MYTH – Wolves In The Wild Do Not Live As Long As Domestic Dogs Because Of Their Diet
Recently we have had reports from ‘experts’ claiming that wolves only have a life span of 6 – 8 years and that is due to them eating raw. From their reports the humble human will glean the ‘fact’ that eating what comes naturally to them kills them sooner than our domestic dogs. What the ‘so called experts’ have failed to do is provide all of the facts on why some wolves die young.
Here is a post that explains in simply terms why wolves die younger than our domestic dogs who live in comfortable surroundings and are given food every day.
“The assumption of this claim is that the diet of wolves shortens their lifespan and that we therefore should not feed this diet to dogs. However, this is another example of faulty reasoning and false logic. Yes, wolves do not live as long in the wild as their domestic counterparts, but this is NOT because of the food they eat. Why would nature design an animal to be sustained on a diet that inevitably kills it? How could eating what it was designed and has evolved to eat decrease a wolf’s lifespan? Its diet is what keeps a wolf alive! If it did not eat, how would it live? These questions aside, we must look at how absurd it is to link wolf longevity solely to diet.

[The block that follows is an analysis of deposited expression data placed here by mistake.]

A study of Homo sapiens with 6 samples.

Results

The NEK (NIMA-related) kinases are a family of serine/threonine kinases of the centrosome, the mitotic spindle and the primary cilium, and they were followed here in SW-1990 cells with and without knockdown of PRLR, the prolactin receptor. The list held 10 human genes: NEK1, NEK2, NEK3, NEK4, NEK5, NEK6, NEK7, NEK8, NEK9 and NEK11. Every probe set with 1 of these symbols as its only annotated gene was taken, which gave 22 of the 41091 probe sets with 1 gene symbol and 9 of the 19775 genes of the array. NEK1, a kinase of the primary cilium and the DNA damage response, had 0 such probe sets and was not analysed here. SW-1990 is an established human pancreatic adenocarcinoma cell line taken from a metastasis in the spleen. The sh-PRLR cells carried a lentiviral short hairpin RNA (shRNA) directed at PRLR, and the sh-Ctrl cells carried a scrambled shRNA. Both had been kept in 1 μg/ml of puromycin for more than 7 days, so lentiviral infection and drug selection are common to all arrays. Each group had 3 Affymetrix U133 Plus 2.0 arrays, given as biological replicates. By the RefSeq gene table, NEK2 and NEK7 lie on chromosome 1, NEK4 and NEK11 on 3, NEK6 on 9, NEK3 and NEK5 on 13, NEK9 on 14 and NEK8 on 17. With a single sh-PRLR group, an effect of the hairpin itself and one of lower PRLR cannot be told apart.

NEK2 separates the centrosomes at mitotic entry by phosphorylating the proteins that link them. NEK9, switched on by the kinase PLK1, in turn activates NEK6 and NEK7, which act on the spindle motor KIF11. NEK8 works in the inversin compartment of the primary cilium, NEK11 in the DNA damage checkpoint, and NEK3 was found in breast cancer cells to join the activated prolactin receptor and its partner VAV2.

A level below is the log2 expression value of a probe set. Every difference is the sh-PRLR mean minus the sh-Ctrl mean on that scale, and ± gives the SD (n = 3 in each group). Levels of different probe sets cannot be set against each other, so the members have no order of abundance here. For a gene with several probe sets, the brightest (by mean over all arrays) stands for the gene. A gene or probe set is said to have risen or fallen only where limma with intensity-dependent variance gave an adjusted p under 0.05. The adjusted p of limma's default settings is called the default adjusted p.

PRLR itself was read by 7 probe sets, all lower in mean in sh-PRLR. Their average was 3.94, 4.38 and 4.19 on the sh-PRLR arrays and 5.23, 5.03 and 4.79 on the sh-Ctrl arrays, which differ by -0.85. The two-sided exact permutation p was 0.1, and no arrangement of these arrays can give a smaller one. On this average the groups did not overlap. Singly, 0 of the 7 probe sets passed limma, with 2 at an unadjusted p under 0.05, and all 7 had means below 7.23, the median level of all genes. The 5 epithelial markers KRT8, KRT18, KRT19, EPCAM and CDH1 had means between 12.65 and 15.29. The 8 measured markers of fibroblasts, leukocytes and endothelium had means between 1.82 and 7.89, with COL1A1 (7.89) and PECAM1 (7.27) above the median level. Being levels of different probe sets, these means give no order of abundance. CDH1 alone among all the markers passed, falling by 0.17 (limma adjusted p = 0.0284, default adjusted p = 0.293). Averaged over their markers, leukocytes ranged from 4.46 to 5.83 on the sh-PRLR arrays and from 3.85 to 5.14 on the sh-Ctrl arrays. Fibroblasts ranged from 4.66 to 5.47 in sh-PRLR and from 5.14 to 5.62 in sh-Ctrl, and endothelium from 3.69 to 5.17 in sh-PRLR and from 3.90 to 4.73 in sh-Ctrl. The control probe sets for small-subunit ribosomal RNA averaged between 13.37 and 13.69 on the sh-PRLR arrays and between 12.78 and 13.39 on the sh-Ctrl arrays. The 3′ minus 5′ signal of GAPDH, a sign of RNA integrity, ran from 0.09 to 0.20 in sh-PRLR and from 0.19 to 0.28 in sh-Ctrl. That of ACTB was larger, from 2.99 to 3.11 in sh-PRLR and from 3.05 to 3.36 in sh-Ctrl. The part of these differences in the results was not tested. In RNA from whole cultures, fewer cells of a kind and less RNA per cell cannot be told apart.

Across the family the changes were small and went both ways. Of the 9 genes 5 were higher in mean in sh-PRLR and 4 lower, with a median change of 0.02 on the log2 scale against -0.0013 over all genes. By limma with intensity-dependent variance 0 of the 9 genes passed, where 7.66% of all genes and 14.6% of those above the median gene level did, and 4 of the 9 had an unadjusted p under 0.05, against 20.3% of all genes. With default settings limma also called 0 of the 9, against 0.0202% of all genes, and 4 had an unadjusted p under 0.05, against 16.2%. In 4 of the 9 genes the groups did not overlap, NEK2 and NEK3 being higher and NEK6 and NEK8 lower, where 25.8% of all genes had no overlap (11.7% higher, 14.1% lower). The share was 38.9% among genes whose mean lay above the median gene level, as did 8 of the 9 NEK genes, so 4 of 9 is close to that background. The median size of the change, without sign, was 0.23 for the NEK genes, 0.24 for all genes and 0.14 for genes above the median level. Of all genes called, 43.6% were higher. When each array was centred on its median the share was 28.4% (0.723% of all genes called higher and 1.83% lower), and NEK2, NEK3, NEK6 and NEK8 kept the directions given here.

Living in the wild is a tough job. Wild wolves face the brunt of nature and must deal with the bitter elements every single day—heat, cold, rain, storms, blizzards, ice storms, etc. They also must deal with the high energetic costs associated with bringing down huge herbivores like elk, deer, and moose. They also encounter intraspecific competition for food among other wolves in addition to interspecific competition with bears, cougars, and humans. They face predation, habitat loss, and prey loss by humans as well as a decreasing environmental quality in habitat and food. They also must deal with parasites (every wild animal has them and usually coexists quite peacefully with them), with foreign toxic pollutants, with wolf-wolf altercations, with wolf-prey altercations, with wolf-other carnivore or scavenger altercations, and with increasing encroachment and habitat destruction by humans. They face a sporadic prey supply and starvation routinely and may go several weeks without food. In spite of all this they can still thrive well enough to expend precious energy in reproductive forays, producing litters of healthy pups and creating an increased demand for food. These are the reasons a wolf’s lifespan in the wild is shorter, NOT because of its diet. It is precisely their diet and genetic hardiness that keeps them alive, even in the face of disease. It is not that their food is somehow lacking and incapable of sustaining them, but that they cannot always get enough of that food to meet all their metabolic requirements. It is that very food that fills, heals, and sustains them. Hopefully you can now see how ludicrous it is to assume diet is the reason for a decreased lifespan in the wild.
When we look at our domesticated wolf companions—our dogs—this lifespan issue becomes a moot point. Our dogs do not live in the wild and therefore do not face most of the energetically costly factors wolves face. Our dogs live comfortably in our homes where they should always receive enough food and care, and where the raw food they need can be obtained from parasite-free sources.”